Glenwood Bakery (398 Esther Roberts Road) is the kind of place that you hear about from a friend - and having been there, the kind of place you want to share with your friends. Completely unflashy, the bakery sits in a quiet suburb of leafy Glenwood in a two storey building topped with a red tiled roof, like so many Berea houses. With no prominent signage, the only indications of its presence are a small 'open' sign in a window sporting a tasteful Glenwood Bakery logo and a collection of three small tables that line the open pavement. Looking into the light, airy space, a central communal table fills most of the room, while a bookshelf filled with well thumbed books lines one of the walls. A wire rack holds the days offerings - biscotti, grissini, wholemeal sourdough, croissants, and other freshly baked treasures.
Because it's a Saturday, Eggs Benedict and Eggs Royale as well as a variety of toasted sandwiches are also being served. Apparently you can get pizza on a Monday night, and the rest of the week sandwiches are available. It's pointedly more a bakery than a restaurant, but that only makes the limited offerings all the more desirable.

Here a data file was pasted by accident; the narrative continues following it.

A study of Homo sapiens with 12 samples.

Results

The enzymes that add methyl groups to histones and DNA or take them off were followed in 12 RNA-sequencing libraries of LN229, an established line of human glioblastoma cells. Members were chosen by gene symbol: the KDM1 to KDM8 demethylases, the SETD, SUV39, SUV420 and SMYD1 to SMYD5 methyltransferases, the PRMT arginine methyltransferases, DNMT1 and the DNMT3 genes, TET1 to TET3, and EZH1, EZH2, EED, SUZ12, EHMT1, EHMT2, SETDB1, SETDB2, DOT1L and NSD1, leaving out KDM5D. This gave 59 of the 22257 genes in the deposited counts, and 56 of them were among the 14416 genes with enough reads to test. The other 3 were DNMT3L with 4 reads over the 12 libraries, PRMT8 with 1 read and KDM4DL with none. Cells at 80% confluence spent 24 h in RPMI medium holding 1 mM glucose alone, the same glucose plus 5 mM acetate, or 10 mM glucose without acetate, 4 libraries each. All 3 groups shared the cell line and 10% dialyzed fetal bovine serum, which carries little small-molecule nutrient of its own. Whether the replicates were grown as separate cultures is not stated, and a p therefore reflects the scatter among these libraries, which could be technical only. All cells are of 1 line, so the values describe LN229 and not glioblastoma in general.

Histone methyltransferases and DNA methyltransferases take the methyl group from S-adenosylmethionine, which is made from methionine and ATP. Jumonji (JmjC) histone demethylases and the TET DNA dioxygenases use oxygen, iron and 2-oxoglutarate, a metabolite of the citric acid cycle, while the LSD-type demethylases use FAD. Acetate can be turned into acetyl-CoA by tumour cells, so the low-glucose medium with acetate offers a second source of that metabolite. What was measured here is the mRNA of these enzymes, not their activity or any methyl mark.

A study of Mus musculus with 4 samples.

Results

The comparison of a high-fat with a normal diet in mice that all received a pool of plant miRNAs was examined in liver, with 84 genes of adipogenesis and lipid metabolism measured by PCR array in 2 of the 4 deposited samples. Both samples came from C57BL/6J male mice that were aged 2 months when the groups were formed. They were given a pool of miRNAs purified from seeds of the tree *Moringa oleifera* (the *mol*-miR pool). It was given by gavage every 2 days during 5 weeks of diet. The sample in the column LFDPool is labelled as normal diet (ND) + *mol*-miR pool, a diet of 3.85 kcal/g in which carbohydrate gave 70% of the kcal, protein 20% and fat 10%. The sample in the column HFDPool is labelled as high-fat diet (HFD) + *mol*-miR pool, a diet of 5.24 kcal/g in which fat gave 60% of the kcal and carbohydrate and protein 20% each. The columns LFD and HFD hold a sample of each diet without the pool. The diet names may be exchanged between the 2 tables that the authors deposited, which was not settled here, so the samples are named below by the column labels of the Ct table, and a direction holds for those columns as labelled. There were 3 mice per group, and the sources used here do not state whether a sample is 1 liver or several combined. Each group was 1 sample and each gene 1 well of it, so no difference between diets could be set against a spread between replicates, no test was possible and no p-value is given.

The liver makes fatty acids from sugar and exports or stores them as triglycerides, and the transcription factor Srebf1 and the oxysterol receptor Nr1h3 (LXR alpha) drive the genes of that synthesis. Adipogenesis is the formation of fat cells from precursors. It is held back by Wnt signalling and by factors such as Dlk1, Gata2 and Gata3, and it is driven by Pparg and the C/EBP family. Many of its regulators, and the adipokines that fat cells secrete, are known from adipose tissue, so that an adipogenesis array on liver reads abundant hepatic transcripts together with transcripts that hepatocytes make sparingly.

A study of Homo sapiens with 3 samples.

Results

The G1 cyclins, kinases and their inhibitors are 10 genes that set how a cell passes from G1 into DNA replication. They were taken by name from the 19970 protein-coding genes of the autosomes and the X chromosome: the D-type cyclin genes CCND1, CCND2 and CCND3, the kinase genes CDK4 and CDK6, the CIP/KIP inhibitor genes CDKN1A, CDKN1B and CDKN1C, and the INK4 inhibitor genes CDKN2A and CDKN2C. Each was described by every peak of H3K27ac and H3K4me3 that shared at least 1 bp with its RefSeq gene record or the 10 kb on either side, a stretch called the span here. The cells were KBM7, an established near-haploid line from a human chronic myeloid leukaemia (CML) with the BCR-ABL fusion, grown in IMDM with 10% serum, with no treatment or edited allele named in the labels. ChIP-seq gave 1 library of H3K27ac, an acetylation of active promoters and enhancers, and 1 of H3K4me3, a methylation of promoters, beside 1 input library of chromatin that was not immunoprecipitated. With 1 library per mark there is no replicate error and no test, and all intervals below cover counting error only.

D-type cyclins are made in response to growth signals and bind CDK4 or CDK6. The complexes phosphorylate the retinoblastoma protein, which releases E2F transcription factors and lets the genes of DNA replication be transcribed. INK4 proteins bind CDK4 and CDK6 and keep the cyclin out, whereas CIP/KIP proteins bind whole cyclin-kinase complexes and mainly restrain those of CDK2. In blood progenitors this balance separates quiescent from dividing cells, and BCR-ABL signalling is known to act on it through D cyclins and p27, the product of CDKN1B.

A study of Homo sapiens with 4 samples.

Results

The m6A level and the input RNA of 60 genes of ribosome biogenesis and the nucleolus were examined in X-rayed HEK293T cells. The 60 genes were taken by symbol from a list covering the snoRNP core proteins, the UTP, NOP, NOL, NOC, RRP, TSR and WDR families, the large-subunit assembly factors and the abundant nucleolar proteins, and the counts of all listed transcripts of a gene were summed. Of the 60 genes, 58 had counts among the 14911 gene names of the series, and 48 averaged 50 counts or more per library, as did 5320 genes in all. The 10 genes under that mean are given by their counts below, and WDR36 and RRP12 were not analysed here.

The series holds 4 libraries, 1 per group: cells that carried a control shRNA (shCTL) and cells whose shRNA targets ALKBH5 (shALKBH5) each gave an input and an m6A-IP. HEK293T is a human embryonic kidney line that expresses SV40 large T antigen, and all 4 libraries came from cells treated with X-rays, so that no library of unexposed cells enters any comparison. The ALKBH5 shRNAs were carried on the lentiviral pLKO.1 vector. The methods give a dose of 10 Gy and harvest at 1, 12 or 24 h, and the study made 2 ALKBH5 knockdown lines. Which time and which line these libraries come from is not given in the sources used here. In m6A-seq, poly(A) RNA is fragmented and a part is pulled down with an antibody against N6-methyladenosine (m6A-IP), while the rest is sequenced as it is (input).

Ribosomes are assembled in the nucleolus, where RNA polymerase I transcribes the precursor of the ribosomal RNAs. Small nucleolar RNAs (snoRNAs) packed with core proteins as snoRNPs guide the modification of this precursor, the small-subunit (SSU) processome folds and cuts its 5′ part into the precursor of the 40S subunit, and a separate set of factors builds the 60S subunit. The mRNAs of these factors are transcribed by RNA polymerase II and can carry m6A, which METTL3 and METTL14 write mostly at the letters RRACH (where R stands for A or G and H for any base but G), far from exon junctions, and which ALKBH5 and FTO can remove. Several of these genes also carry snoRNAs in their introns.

We sit at one of the small mosaic tiled tables outside and order two Eggs Benedict and two glasses of homemade iced-tea. Within ten minutes our food arrives. Naturally, the eggs are served on the bakeries homemade bread - one of their dark sourdoughs. A sliver of finely sliced cured meat (possibly Chuck & Bob's prosciutto?) rests beneath two perfectly poached eggs, which must be from the most organic, free-ranging chickens in KZN, as the yolks are an almost startlingly orange and taste like happiness and sunbeams. The whole creation is cloaked in a soft yellow blanket of hollandaise, which is rich, buttery and contains just a hint of lemon to holds the flavours in check and keep the dish as fresh as the dusting of bright green chives scattered across the plate.
It's the kind of food that you would make yourself the morning after a late night out - if you were a master-baker capable of whipping up a quick mother-sauce, and always kept a leg of dry-cured ham hanging in your larder.
Oh yes, and we also took a rye bread sourdough home, which made delicious toast and sandwiches.